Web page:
The Kurdish Conflict: International Humanitarian Law and Post-Conflict Mechanisms, by Kerim Yildiz and Susan Breau.
Reviewed by Michael M. Gunter
London and New York: Routledge, 2010. xxii + 272 pages. Notes to 329. Appendices to 340. Bibliography to 347. Index to 354. $47.95 paper. Published in The Middle East Journal 65 (Winter 2011), pp. 152-54.
This book is a groundbreaking analysis of the on-going conflict waged by the Kurdistan Workers Party (PKK) in southeastern Turkey and its spill over into northern Iraq in terms of the international law of war (jus in bello or international humanitarian law) and the use of force (jus ad bellum). As such, it frames the question within new lights that are particularly appropriate. Apposite too are the two authors. As the executive director of the Kurdish Human Rights Project in London (KHRP), Kerim Yildiz brings a thorough knowledge of Kurdish history and culture with a lengthy experience in the practical application of human-rights law regarding the Kurds within the European community. Over the years the KHRP has argued successfully numerous cases before the European Court of Human Rights involving Turkish violations of ethnic Kurdish rights within Turkey. Susan Breau is a professor of international law at Flinders University in Adelaide, Australia with an emphasis on the international law of armed conflict and human rights.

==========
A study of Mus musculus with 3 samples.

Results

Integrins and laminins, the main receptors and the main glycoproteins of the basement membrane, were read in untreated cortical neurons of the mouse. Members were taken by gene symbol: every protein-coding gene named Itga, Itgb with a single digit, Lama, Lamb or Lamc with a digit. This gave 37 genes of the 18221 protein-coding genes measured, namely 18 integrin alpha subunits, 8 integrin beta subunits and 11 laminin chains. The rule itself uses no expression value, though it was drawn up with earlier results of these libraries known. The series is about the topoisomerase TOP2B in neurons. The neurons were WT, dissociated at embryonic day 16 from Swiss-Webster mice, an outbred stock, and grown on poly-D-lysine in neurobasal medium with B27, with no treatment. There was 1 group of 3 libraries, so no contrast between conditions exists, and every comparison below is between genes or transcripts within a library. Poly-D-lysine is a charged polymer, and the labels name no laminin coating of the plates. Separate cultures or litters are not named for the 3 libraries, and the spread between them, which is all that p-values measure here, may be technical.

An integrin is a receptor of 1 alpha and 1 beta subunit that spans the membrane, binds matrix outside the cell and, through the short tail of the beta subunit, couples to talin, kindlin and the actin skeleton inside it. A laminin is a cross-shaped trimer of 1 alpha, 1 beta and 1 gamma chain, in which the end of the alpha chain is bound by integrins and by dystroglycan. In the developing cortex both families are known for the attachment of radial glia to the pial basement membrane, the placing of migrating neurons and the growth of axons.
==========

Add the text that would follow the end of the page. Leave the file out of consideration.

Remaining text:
After a brief discussion of the historical background, their analysis is divided into two parts. Part I concerns the international law of armed conflict as applied to the Kurdish struggle, while Part II delves into some potential legal and political solutions. Upon analyzing the relevant literature and treaties, the opening chapter of Part I concludes “on a factual basis in spite of the denial of Turkey” (p. 58) that the complex conflict in southeast Turkey, which also spills over into northern Iraq, constitutes a non-international armed conflict. Thus, “it can be argued that a whole range of humanitarian guarantees are offered to both civilians and combatants” (p. 88) by such means as the Hague Regulations of 1907 as well as the Geneva Conventions of 1949 with their Common Article 3 that provides limited protections for civilians and members of armed forces hors de combat.